A new study has been commissioned to help identify solutions to grid stability issues that have hampered wind and solar projects in Victoria, particularly in the West Murray region and a part of the grid known as the “rhombus of regret”.
Researchers from Monash University’s Grid Innovation Hub will undertake a $1.3 million desktop study into how additional renewable energy projects, including wind, solar and energy storage, can be connected to weaker parts of the electricity network.
The study will use the North-western region of Victoria as a case-study, where a number of new wind and solar projects have either faced lengthy delays in getting connected to the electricity network or have been forced to substantially curtail their output.
Researchers will work to identify suitable technical solutions to the system strength issues, including an evaluation of synchronous condensers and projects integrated with advanced inverter systems.
The study has been supported by a $495,680 grant from the Australian Renewable Energy Agency and has followed funding for another study into similar grid stability issues in Queensland. The Australian Energy Market Operator, energy equipment maker ABB and AusNet Services will also provide in-kind support to the Grid Innovation Hub study.
The outputs of the study will have wider relevance for the rest of the Australian electricity system, including the development of new Renewable Energy Zones currently being developed by the NSW government, which seek to concentrate wind, solar and storage projects in high-potential regions.
“This project should provide insights and possibly even pre-engineered solutions to ease the burden of grid stability and security, and speed up connection approvals,” Grind Innovation Hub director Dr Behrooz Bahrani said.
“Monash’s study, while looking at North West Victoria, will aim to provide a solution for other renewable energy zones across Australia and help to increase the value delivered by renewable energy, reduce or remove barriers to renewables uptake and help to increase the overall skills and capacity in this important area,” ARENA CEO Darren Miller added.
By addressing the system strength issues, the study hopes to facilitate further investment in renewable energy projects in regions with strong wind and solar resources, as well as to provide greater confidence to investors and project developers that future projects will not experience the same connection issues that have frustrated recent projects.
Chairman of the Monash Energy Institute’s Grid Innovation Hub, Dr Tony Marxsen, a former chair of AEMO, said that it was crucial that the growth in wind and solar projects was addressed, as the changing nature of the electricity system meant that it would be necessary for new technical solutions to be found as we shift away from an old model based on coal.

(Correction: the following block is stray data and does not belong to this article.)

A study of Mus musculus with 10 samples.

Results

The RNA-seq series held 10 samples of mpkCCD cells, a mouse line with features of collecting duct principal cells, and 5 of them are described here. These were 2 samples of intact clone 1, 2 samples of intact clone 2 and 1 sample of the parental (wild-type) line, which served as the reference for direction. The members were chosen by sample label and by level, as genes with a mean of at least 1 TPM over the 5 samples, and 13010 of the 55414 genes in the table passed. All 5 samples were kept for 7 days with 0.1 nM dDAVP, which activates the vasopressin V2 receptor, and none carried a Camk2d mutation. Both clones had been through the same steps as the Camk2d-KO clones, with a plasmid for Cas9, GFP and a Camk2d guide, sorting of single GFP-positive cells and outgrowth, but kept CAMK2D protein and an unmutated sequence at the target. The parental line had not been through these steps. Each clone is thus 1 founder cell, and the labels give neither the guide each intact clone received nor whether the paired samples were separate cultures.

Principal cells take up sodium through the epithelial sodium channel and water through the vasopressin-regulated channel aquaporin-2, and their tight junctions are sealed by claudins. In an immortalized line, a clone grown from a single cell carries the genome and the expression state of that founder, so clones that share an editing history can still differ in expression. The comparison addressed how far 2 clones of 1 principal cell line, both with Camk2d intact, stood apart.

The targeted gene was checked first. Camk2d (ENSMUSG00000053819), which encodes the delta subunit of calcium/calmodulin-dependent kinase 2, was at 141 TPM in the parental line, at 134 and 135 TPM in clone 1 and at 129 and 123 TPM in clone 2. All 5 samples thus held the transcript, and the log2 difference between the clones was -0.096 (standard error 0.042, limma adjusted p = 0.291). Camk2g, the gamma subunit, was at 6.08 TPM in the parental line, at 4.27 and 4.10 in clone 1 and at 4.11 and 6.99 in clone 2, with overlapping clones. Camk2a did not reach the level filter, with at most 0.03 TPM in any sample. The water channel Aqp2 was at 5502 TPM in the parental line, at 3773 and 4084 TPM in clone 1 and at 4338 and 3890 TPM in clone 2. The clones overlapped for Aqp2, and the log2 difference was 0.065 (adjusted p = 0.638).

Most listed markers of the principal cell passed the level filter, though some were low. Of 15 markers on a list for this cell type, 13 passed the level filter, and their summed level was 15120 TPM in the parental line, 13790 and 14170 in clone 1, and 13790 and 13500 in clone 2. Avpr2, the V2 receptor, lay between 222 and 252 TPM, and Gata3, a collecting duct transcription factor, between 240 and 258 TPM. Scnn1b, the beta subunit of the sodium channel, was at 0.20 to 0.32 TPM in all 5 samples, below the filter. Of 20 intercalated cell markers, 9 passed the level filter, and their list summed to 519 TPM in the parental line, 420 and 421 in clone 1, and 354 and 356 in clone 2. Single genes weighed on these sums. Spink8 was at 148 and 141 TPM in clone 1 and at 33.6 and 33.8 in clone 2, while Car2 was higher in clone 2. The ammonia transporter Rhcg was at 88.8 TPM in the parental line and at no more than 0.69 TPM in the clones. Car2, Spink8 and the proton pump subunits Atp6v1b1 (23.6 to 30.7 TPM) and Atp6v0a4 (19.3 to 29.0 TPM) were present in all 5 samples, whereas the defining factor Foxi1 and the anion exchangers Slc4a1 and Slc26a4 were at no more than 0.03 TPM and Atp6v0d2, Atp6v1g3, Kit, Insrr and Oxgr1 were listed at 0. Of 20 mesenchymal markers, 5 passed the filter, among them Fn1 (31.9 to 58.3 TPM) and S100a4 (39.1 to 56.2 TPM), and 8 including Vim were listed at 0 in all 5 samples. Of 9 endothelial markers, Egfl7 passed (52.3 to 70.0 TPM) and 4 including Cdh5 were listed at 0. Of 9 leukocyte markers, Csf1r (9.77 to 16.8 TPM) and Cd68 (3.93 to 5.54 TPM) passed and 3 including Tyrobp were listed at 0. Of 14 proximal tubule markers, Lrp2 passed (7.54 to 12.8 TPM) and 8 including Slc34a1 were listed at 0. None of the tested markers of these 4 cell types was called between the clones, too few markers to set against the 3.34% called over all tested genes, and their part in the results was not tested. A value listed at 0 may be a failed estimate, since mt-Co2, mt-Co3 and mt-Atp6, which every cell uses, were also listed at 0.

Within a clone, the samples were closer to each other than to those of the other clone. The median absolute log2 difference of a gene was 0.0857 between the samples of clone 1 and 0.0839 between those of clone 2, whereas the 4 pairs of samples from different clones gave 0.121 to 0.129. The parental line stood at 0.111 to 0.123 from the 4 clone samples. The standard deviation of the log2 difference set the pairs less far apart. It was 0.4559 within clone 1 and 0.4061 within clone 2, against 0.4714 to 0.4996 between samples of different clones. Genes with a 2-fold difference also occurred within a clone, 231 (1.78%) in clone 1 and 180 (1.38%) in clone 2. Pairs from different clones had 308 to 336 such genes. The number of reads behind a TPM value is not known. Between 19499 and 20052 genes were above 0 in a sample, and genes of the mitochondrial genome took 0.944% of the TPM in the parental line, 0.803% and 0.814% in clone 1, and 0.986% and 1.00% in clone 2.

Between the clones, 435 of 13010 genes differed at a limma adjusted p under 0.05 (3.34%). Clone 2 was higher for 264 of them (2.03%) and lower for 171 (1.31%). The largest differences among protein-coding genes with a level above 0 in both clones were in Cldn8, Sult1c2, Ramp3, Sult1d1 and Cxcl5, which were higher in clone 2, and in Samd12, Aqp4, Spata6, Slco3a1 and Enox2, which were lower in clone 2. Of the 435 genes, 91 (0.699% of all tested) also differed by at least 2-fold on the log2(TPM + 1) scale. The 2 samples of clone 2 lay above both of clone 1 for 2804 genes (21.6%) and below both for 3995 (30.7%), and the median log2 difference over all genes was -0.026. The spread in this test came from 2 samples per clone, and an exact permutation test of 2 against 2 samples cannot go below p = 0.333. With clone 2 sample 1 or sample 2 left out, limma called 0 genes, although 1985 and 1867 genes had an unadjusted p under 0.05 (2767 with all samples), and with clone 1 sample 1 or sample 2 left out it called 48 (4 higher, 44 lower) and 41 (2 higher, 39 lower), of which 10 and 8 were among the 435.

“Australia’s renewable energy future will use decentralised energy sources in areas of high winds and lots of sunshine – and these areas tend to be remote from cities, where the grid is weak. Even with the strengthened interconnections foreseen in AEMO’s Integrated System Plan, the problem of weak grids in remote areas will continue to challenge large renewable investments,” Marxsen said.
Managing director of the Australian Energy Market Operator, Audrey Zibelman said that the market operator was looking forward to the findings of the study and was confident that Australia had the ability to continue increasing the share of electricity sourced from wind and solar projects without long-term technical issues.
“Australia has the technical capability to operate our power system with solar and wind generation contributing up to 75 per cent of our energy at times,” Zibelman said.
“AEMO looks forward to supporting this important government-funded project that will contribute to maintaining system security in a transitioning National Electricity Market with a high share of renewable resources.”
Federal minister for energy and emissions reduction Angus Taylor said that the study would make an important contribution to seeing the share of electricity sourced from renewable energy grow beyond current levels.
“In 2019, 23 per cent of electricity generation in the National Electricity Market came from renewable energy. We need to ensure the grid can support Australia’s growing renewable resources, while keeping the lights on, and energy bills low for households and businesses,” Taylor said.
“Studies like this are important to help inform future decisions in terms of effective management of renewable energy in the grid.”